Bruno Fernandes hit back at Jurgen Klopp after the Liverpool manager complained about the number of penalties awarded to Manchester United.
Klopp was unhappy his side were not given a penalty during a loss to Southampton earlier this month and the German pointed to the number of spot-kicks United had been awarded.
Since the start of last season, United have won 20 penalties in the Premier League compared to Liverpool’s 10.
Fernandes, who has scored five penalties in the Premier League this season, insisted he was unfazed, also suggesting Klopp was trying to put pressure on referees ahead of United’s trip to Anfield on Sunday.
“You always see what people say, but I really don’t care. I’m not focused on what they’re saying. We have really quick players up front,” he said.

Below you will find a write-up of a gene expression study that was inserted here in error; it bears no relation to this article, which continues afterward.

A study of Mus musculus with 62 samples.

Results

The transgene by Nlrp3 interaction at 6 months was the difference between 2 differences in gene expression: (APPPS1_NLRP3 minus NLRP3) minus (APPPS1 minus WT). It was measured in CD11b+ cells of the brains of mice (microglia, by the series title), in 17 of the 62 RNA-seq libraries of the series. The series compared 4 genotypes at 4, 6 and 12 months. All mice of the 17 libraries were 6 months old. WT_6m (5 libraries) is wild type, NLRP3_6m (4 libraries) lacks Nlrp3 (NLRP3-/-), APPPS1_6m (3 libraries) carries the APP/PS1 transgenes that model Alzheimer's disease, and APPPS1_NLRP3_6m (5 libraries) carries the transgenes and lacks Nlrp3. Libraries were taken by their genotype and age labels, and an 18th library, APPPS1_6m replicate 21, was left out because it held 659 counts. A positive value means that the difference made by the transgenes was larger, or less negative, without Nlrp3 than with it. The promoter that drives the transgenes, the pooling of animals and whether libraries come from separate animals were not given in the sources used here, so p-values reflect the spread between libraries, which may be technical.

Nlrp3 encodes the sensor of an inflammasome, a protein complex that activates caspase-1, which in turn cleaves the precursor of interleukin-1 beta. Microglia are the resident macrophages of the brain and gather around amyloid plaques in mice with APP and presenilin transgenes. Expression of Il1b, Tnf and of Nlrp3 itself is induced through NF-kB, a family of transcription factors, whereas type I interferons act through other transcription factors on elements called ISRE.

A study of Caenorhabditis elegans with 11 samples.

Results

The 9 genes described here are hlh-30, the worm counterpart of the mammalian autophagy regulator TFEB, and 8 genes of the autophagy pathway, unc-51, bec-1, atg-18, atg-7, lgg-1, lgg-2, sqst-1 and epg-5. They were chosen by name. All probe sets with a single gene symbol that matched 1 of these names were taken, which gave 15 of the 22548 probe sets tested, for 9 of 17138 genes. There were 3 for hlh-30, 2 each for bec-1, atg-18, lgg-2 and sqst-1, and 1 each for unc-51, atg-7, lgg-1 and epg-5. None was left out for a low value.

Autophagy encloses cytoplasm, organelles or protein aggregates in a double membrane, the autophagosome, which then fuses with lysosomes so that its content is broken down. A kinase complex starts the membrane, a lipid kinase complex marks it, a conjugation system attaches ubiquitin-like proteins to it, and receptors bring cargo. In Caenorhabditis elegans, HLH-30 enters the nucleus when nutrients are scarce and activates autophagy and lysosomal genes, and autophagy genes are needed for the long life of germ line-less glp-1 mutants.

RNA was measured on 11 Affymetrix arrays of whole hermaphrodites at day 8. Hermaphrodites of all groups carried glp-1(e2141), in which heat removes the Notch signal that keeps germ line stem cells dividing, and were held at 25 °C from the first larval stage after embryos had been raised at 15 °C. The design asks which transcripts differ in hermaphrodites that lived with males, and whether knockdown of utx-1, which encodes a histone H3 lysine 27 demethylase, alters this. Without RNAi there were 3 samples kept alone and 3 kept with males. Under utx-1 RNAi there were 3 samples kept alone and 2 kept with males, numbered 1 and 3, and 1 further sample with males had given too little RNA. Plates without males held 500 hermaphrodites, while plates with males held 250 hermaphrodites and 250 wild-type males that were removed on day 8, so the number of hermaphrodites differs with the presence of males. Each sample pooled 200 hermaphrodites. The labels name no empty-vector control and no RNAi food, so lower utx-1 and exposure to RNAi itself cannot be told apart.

“Anthony Martial is one of the best players one against one in the box, Marcus Rashford is another one who is quick and has quick feet, who can take the ball away from the defender at any moment.
“It’s normal that sometimes, because of that, they will be tripped and will fall and they gain penalties.
“People can talk and say what they want, but for me and the team, the main point is continuing to do the right things and when we get a penalty, just scoring.
“I played in Portugal and when you play for Sporting Lisbon, Benfica and Porto are always talking about that kind of stuff – sometimes to put pressure on the referee.”
— Manchester United (@ManUtd) January 15, 2021
United visit champions Liverpool with a surprise three-point lead atop the table.
Liverpool claimed their first top-flight title since 1990 last year, moving onto 19 in total – one shy of United’s record.
Fernandes said the players were aware how much such records meant to supporters.
“You don’t want your rivals at the same level as you, or with the same amount of trophies as you,” he said.
“So it’s clear for everyone here at the club and in the dressing room, everyone knows what it means for the supporters.
“It would be a lot more fun with 21 titles and Liverpool still on 19, of course.”